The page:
There is always someone, somewhere, who is complaining that they miss that 1990s sound, the so-called “golden era,” or the boom bap gritty raps of their earlier years. Enter New York’s Torae [click to read] and Canadian producer Marco Polo. The duo’s Double Barrel is here to satisfy those nostalgic cravings while maintaining 21st century relevance as well. And if anyone wanted to question whether they pulled it off, the legendary DJ Premier says it all on the introduction when he states, “You know if I cosign, it’s gotta be real.“
Wasting no time, DJ Premier‘s words lead right into the title track of the album, and the listener is confronted with powerful lyrics from Torae as well as a forceful instrumental from Marco Polo. Gunshots and bombs drop in the background as Torae begins to give listeners a sampling of his lyrical abilities. This is followed up by “Party Crashers,” which, although saying a lot about the concept of the album, feels lackluster in comparison to the vibe that “Double Barrel” was giving off right beforehand. However it makes one think that Torae and Marco Polo are crashing the Hip Hop party of today by changing things up and proving how well the style of yesterday can still be done.
“Smoke” featuring Lil Fame of M.O.P. and Rock of Heltah Skeltah [click to read] boasts an incredible Marco Polo beat that is slowly being fed energy by Lil Fame throughout the song. Although the hook is nothing more than single words being thrown together, it works surprisingly well and could even be called catchy, in some abstract sort of way. It helps that the last four words of the hook are something that many can relate to these days: “helpless, heartless, jobless, broke.” However, Rock‘s verse feels awkward paired with the instrumental, and other tracks on Double Barrel, such as “Danger,” seem more tailored to Lil Fame‘s style.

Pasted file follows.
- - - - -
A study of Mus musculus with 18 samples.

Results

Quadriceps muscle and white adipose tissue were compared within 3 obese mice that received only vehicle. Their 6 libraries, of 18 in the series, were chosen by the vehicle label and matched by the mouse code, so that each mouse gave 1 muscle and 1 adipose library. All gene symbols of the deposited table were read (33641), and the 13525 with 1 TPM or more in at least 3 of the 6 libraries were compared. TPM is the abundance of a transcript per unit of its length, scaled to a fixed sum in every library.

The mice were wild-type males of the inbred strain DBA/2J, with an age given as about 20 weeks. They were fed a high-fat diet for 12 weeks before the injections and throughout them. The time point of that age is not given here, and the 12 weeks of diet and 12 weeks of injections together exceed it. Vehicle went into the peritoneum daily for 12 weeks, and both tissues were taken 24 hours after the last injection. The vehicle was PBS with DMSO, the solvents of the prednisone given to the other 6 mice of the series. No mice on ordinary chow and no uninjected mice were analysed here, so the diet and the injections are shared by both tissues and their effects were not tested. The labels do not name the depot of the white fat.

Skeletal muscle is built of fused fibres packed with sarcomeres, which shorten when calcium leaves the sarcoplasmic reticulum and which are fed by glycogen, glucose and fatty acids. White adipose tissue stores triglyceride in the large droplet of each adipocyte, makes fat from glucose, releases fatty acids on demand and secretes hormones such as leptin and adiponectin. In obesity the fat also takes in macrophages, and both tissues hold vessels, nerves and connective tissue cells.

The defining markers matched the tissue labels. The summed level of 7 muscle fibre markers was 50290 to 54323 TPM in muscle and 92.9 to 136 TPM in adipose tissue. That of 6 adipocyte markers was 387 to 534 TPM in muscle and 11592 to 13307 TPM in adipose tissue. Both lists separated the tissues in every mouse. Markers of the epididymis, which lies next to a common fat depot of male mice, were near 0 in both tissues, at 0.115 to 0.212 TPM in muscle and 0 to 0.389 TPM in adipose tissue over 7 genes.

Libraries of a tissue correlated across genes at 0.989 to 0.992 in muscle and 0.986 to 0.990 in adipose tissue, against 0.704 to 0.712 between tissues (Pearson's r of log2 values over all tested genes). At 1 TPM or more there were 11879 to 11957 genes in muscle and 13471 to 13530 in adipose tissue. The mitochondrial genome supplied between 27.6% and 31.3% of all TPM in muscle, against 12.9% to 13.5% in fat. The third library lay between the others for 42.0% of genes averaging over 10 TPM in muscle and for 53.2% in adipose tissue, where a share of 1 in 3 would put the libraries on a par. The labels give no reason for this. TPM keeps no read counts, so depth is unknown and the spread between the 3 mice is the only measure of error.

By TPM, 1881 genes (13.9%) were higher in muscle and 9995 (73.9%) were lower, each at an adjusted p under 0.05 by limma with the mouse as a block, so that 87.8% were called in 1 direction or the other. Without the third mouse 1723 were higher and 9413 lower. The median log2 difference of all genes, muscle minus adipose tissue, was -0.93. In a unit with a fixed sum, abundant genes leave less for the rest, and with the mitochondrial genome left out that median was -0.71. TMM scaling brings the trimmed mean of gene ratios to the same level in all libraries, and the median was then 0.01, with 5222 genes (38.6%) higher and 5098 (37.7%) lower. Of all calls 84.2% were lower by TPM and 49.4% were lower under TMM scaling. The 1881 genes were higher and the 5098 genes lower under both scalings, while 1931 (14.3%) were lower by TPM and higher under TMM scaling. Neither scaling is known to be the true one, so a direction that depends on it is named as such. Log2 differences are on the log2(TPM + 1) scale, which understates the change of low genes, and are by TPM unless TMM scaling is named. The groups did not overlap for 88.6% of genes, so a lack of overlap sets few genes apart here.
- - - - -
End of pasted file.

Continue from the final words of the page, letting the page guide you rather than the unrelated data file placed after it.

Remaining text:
Standout tracks come in the form of “Lifetime,” featuring DJ Revolution, “But Wait” [click to read], and “Crashing Down,” featuring Gilla House rapper/producer Saukrates. “Lifetime” presents the audience with yet another menacing Marco Polo beat, and Torae confronting today’s breed of emcees and their styles. He raps, “George Bush don’t fuck with blacks, Torae don’t fuck with wack, emcees and they garbage tracks, back to the drawing board with that, the fuck you doin’ recording that?” Meanwhile, he proves himself worthy of saying such bold statements by showing off his solid lyrical skills. He really shows off on “But Wait,” when he takes off multi-syllabically at the end of the track with Twista-[click to read] level speed stating, “I be, spectacular spittin’, vernacular hittin’ with accurate wisdom, not to mention I rap with precision.” “Crashing Down,” featuring Saukrates, is the last track of the album and provides it an extremely strong ending. A song of music industry frustrations over an exquisite Marco Polo beat leaves the listener something to think about, as Torae addresses issues such as poor sales and bootlegging. Saukrates‘ vocals are soothing, yet match up well with the grimy style that the rest of the album maintained.
Low points will be hard to find on Double Barrel, and the project offers up something for those craving the boom bap as well as something that feels relevant in the present. Although Marco Polo holds down all production on the album, his style never feels redundant, and the album maintains its high-energy street vibe from start to finish. Meanwhile, Torae continues to prove that he is a lyrical force to be reckoned with, while utilizing tracks such as “Coney Island” that are sure to make Brooklyn dwellers proud to call him one of their own. All of these aspects combine to make Double Barrel an album with significant replay value that will keep listeners attentive throughout every track.